TEXAS HOLD 'EM
Rarely does winning 34 percent of the vote constitute victory. But it certainly did for Ted Cruz — and the tea party — this week. The U.S. Senate candidate finished a distant second in Texas's Republican primary on Tuesday, but front-runner David Dewhurst failed to reach the 50 percent threshold necessary for an outright victory. The two men will now face each other in a runoff election on July 31. The insurgent Cruz, whose conservative intellectual bona fides have made him a darling of the movement nationwide, might still be the underdog against the well-funded Dewhurst, the state's lieutenant governor. But his showing sent yet another signal that the tea party is a force in GOP primaries.
This year has already brought the defeat of an establishment icon, Sen. Richard Lugar of Indiana, and the unexpected victory of state Sen. Deb Fischer in Nebraska. A Cruz triumph would be just as big a victory for the conservative insurgency — Dewhurst has the vocal backing of Texas Gov. Rick Perry and much of the state's GOP establishment.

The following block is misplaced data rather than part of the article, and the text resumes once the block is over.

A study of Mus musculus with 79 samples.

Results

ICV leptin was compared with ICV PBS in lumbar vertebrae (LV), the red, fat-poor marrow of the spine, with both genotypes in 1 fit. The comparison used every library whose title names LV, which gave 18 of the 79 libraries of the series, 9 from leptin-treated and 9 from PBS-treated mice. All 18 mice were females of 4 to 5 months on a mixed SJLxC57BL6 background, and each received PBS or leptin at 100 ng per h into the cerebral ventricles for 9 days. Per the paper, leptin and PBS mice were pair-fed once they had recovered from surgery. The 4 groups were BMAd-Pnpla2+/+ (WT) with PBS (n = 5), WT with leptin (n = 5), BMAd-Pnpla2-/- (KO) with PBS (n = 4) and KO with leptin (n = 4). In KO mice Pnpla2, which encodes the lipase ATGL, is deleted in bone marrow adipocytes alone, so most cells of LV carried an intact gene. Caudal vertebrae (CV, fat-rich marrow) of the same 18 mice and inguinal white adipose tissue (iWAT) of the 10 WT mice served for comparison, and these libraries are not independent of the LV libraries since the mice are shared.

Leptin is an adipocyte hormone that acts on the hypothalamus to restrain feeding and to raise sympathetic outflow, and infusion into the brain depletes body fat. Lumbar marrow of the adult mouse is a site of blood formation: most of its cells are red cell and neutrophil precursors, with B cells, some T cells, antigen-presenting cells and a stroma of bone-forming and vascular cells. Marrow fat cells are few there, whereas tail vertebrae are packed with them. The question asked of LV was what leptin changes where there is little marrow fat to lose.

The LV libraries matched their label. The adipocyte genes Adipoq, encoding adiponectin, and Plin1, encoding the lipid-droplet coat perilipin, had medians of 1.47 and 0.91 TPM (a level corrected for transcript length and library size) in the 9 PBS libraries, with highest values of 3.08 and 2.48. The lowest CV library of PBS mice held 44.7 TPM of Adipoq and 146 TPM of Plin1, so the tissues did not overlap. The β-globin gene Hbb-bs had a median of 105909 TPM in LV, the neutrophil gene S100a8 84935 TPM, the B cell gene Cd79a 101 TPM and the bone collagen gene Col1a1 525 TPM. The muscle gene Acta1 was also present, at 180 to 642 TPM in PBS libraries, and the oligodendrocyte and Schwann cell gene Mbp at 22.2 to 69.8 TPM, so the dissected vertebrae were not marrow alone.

MONTANA CASE UNITES McCAIN AND WHITEHOUSE
The justices of the U.S. Supreme Court, who have taken a public beating for gelding the laws against political corruption with their Citizens United decision, will have an opportunity to temper (or double down on) the controversial ruling this month. The Court is expected to respond to a ruling by the Montana Supreme Court, which upheld that state's Corrupt Practices Act and its ban on corporate donations. The Montana court reviewed the dangers of corruption and found that the law's modest burden on corporations did not violate their First Amendment rights.